In October 2015 India’s arbitration law underwent major changes with the enactment of the Arbitration and Conciliation (Amendment) Act 2015 (“Amendment Act“). One of the most controversial provisions in the Amendment Act was the introduction of a 12 month time limit within which an arbitral award must be rendered (section 29A).

The Amendment Act

According to section 29A all arbitrations seated in India commenced after 23 October 2015 are required to have a final award issued within 12 months of the appointment of the tribunal. For parties who have commenced an Indian seated arbitration since the Amendment Act was passed, it may therefore become necessary to consider applying for an extension if it looks likely that a final award will not be issued within the 12 month time limit.

While parties may agree to extend this period by up to six months, there is no guidance in the Amendment Act as to when or how the parties may make such application. Furthermore, if a final award is not rendered within the 12 month period (or within a 12 month + six month extension period) the arbitration will be terminated unless the period is extended by the Indian courts. The Amendment Act states that for the court to extend the time period there must be “sufficient cause” and the extension will be on “such terms and conditions” as the court deems appropriate. Again there is little guidance in the Amendment Act as to what may constitute sufficient cause or the possible terms and conditions.

In granting an extension, and if the court finds that the delay is attributable to the arbitral tribunal, the court may also:

  • Order a reduction of the fees of the arbitrator(s) by up to 5% for each month of the delay (section 29A(4)); and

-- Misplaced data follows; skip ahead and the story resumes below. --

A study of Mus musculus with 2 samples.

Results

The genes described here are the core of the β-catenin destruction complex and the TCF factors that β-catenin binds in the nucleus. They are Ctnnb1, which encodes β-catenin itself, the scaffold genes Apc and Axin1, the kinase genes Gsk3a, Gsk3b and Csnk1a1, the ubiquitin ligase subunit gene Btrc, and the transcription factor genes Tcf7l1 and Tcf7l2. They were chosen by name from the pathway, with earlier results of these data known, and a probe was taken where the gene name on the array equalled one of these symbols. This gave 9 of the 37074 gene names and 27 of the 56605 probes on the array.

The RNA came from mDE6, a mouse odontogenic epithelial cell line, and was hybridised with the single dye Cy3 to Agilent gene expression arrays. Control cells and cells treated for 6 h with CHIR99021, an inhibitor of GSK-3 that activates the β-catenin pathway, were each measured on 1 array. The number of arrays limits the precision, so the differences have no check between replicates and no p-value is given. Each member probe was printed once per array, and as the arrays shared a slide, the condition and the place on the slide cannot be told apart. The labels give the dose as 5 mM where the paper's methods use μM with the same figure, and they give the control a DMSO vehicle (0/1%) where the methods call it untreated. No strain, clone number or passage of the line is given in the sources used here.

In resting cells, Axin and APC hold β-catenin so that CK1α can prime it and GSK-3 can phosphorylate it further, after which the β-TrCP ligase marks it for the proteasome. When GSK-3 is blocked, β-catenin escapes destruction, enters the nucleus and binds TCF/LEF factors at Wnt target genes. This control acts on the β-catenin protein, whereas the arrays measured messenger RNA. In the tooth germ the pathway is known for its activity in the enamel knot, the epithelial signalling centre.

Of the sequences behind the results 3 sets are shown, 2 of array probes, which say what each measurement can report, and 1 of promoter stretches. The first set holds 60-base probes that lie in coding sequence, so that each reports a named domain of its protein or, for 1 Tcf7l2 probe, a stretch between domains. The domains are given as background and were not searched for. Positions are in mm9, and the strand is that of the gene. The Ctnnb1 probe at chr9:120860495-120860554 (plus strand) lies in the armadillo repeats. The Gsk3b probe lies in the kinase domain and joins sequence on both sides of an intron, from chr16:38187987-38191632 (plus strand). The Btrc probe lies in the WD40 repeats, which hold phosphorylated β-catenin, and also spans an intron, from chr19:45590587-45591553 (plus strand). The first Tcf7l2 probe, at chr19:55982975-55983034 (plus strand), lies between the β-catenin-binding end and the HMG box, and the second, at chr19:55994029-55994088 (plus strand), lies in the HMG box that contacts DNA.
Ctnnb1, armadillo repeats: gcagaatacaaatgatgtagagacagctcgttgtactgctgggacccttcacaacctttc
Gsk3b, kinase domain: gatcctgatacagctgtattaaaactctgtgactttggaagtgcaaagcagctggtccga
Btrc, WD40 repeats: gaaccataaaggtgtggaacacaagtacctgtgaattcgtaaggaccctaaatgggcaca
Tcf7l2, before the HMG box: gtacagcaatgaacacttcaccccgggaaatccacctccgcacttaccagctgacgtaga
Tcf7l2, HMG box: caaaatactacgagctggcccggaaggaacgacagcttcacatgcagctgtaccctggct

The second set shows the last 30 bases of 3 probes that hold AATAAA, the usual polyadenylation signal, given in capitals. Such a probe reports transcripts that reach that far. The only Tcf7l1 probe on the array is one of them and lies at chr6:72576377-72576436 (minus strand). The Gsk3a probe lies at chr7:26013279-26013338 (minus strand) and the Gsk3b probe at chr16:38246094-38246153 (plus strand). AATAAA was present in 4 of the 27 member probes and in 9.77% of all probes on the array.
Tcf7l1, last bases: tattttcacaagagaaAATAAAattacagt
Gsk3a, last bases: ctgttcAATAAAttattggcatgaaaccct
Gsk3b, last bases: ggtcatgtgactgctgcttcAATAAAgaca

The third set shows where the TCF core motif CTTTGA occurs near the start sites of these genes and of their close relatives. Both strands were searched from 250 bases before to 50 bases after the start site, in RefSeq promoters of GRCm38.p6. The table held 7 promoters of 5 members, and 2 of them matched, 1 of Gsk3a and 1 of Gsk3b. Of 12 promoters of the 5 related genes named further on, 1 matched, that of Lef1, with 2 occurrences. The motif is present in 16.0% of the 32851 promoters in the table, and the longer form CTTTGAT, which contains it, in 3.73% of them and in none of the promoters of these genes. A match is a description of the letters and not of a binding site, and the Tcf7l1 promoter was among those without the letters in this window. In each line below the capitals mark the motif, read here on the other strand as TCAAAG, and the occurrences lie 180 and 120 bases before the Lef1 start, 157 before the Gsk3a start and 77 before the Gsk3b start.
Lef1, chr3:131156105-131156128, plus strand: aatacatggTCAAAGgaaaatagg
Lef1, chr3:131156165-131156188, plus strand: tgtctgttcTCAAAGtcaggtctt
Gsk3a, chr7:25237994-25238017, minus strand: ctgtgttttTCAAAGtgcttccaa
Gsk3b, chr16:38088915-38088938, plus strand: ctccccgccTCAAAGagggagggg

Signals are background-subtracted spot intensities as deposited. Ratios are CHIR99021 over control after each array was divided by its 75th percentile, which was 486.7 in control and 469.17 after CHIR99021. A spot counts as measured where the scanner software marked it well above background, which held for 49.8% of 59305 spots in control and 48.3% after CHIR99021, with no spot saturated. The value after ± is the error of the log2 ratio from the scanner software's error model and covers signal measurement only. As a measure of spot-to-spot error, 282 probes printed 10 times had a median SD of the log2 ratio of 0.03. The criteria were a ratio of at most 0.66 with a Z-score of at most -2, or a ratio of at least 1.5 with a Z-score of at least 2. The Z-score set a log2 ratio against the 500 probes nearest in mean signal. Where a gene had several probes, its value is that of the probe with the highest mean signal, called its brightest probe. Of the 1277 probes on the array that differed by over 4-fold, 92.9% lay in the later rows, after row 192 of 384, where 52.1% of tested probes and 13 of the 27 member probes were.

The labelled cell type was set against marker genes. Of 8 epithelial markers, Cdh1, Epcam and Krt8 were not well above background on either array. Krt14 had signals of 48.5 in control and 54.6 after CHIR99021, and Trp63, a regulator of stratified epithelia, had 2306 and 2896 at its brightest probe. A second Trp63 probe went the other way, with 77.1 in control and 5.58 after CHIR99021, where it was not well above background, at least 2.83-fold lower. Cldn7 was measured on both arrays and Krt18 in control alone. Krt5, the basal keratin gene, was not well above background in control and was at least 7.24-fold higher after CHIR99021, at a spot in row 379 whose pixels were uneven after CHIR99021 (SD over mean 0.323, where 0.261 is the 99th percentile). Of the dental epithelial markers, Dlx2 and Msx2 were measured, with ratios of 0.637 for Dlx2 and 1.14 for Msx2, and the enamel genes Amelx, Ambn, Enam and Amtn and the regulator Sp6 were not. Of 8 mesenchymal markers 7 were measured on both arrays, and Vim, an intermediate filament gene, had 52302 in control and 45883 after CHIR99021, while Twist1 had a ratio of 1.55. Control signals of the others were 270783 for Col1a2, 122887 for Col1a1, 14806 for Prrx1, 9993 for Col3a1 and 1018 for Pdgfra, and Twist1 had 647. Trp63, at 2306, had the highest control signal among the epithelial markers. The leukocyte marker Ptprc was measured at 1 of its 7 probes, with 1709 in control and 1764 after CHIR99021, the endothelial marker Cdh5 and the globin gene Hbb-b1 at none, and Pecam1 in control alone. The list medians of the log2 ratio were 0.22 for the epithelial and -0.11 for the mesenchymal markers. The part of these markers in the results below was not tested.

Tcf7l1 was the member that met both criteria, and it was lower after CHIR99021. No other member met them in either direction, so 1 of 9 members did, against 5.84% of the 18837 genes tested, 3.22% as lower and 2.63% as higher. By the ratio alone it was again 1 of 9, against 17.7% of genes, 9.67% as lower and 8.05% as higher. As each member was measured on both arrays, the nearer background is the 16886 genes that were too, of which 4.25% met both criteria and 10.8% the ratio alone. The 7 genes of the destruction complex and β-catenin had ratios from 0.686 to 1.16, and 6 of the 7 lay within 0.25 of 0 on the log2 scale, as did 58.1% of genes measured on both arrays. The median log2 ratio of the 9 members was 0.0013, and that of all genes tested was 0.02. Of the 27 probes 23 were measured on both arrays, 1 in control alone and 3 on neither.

• Substitute any arbitrator the court considers responsible for the delay with a replacement arbitrator, and have the proceedings continue from the stage already reached in the arbitration and on the basis of the evidence and material already on record (section 29A(6)).

Furthermore, if the court finds that one or more of the parties is responsible for the delay, the court may also impose cost penalties on the dilatory party (section 29A(8)).


For parties who have commenced an India seated arbitration since 23 October 2015, they should consider whether they will need to apply for a six month extension or run the risk of having the proceedings terminated. How freely the Indian courts will allow extensions to the Amendment Act’s 12 month time limit remains to be seen, however parties may wish to err on the side of caution and seek to agree to an extension before the expiry of the initial 12 month time limit, or run the risk of an award being set aside by the Indian courts or refused enforcement by an enforcement court.

Delay is a common complaint about arbitration, particularly in India, and this measure is intended to address it. To this extent section 29A is welcome. However it may open the door to questions about the status of awards issued out of time, both in India and in the New York Convention countries where enforcement is sought. It may also prove difficult in practice to achieve the deadline in complex cases, or where one party is engaged in delaying tactics. This may make extensions of time the norm rather than the exception.